When we started analysing all the fund and sector data in the early days of the Saltydog system, we gradually realised that some of the 33 sectors behaved in a similar fashion to other sectors. They would go up and down together - not precisely, but enough to think of them as related.
N.B. If you’d like to understand this in more detail, please see Part 2, “ From dull to unpredictable: how sectors behave”, and “Revealed: the powerful effect of volatility on your investments, in four simple charts”.
So we decided to combine the 33 sectors into just five Saltydog ‘groups’, to make it easier for us to do top-level analysis.
As I’m sure you know, different sectors of the market behave in very different ways.
Some sectors are very reliable and dependable… and a bit dull. They plod along and nothing much happens. Historically, this means things like cash – the safest, most predictable asset of all - and government bonds from well -established economies. Generally speaking (although not always, especially after the effect of QE on bond markets), your money is safe here, but it’s never going to grow very much.
Then at the other end of the scale are sectors of the market which are very unpredictable. When they go up, they really shoot up. And when they go down, they really drop down. Here we find things like small companies, emerging markets, tech and telecomms, and China. You might make a lot of money in these areas, but you might lose a lot too.
To use a more technical term, we can say that the more predictable, reliable investments have low volatility. They don’t move up and down very much.
And the more unpredictable, ‘excitable’ sectors have high volatility. They move up and down a lot.
The five Saltydog groups represent different levels of volatility, from the lowest to the highest. And in the spirit of Douglas’s early work in the merchant navy, we gave them nautical names that reflect the degree of risk involved.
Here are the five Saltydog groups - from the least to the most volatile - along with examples of the sectors included within them:
5. Full Steam Ahead (Emerging Markets) – China, Asia/Pacific, Global emerging markets
4. Full Steam Ahead (Developed Markets) – UK All companies, UK small companies, America, Japan
3. Steady As She Goes – UK equity income, Equity & bond income, flexible investment, Global.
2. Slow Ahead – UK gilts, UK corporate bonds, Absolute Return funds, Global bonds
1. Safe Haven – Money Markets
To give you a taste of how we use these groups in practice, have a look at the chart below. It’s the first chart that we give you with each weekly update of the Saltydog data.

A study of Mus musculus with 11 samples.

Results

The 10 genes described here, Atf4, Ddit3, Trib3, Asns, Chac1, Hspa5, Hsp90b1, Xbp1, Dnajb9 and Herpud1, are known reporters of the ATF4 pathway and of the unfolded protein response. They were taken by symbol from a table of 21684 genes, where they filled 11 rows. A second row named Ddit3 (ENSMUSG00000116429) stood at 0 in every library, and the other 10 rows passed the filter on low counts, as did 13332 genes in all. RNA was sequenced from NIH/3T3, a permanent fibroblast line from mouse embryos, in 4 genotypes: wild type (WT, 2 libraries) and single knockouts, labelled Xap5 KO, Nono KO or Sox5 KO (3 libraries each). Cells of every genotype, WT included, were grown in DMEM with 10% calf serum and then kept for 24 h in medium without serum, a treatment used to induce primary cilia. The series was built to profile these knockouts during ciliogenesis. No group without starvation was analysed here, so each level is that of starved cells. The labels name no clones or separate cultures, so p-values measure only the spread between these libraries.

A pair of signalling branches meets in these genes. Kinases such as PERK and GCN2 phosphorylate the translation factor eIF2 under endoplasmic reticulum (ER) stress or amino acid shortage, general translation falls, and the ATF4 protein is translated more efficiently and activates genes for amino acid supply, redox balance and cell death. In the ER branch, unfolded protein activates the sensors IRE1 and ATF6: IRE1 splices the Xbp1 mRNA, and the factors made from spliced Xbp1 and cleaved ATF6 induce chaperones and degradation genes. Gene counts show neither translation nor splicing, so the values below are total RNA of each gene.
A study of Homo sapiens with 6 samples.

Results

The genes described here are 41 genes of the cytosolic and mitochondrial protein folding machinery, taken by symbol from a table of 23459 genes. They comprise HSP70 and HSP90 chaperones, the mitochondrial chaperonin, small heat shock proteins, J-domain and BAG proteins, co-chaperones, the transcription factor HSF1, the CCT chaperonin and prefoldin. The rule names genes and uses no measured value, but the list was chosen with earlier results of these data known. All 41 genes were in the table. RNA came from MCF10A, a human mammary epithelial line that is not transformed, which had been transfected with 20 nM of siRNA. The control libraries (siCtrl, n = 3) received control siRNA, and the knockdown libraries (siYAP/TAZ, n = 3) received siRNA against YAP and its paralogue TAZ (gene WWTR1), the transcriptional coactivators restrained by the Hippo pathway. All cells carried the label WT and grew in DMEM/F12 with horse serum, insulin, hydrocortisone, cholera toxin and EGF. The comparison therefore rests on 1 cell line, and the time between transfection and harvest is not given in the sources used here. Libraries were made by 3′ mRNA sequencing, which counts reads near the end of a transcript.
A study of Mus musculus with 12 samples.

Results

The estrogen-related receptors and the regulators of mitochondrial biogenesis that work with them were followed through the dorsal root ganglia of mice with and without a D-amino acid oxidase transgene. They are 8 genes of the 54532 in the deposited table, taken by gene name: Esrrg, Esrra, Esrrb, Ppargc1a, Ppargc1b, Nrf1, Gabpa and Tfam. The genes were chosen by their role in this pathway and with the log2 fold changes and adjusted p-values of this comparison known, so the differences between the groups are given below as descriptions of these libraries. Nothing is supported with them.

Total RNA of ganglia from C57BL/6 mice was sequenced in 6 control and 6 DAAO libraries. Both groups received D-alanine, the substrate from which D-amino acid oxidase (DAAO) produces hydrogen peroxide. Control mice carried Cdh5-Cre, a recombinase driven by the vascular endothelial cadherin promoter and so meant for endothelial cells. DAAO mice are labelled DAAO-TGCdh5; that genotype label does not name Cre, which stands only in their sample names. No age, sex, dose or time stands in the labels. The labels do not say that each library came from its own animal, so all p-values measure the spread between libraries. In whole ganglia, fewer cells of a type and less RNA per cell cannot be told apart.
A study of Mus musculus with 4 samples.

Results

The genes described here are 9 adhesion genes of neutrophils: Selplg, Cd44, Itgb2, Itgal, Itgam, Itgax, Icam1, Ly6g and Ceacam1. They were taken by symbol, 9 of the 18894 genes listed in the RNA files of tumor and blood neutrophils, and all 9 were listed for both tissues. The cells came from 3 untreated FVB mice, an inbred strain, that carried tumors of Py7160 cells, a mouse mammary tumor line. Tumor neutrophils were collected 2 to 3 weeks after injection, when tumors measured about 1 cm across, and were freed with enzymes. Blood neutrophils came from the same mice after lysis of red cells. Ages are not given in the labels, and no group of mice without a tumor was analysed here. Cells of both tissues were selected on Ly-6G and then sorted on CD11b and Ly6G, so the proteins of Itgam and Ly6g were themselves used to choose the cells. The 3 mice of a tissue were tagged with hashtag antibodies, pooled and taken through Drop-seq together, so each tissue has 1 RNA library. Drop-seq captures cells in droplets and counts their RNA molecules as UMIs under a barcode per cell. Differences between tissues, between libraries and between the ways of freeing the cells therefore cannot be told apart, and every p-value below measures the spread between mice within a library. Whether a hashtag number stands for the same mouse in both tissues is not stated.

It tracks the performance of each Saltydog group over the previous 12 weeks, and allows you to instantly compare them.
Saltydog Group Comparison
As you can see, the least volatile group – Safe Haven (pink line) – is at the bottom, with the smoothest profile and the lowest return. (Practically zero).
And the most volatile group – Full Steam Ahead, Emerging (blue line) – is at the top, with the choppiest profile and the highest return.
In other words, this particular chart (from 8th December 2015) shows the five Saltydog groups in “perfect order” – with the lowest volatility group showing the smallest return, and the highest volatility group showing the biggest return.
Of course the relative behaviour of the groups doesn’t always look like this. It depends entirely upon the overall market conditions and investor sentiment.
In very uncertain times – e.g. war, financial crisis, political turmoil - the more volatile groups can be at the bottom, with the least volatile groups outperforming them, as investors pull their money from riskier assets and put them in safer places.
The “Safe Haven” group: how do we use it?
Most of the time we will be invested in four groups: Slow Ahead, Steady As She Goes, and the two Full Steam Ahead groups (Developed & Emerging).
What about the Safe Haven group - what’s that for? Essentially the Safe Haven group is like having your money in cash. These sectors are near-cash equivalents. They are the least volatile sectors by far, but also give the lowest returns – especially during a time of very low interest rates. Essentially, moving to Safe Haven is getting out of the stock market completely.
So we would only move our money into the Safe Haven group if all the other groups were showing a negative performance. Safe Haven is exactly what it sounds like: a retreat from the market, and into cash (or near-cash).
This situation only arises in the most extreme circumstances – so most of the time we don’t include Safe Haven in the weekly analysis of our demo portfolios.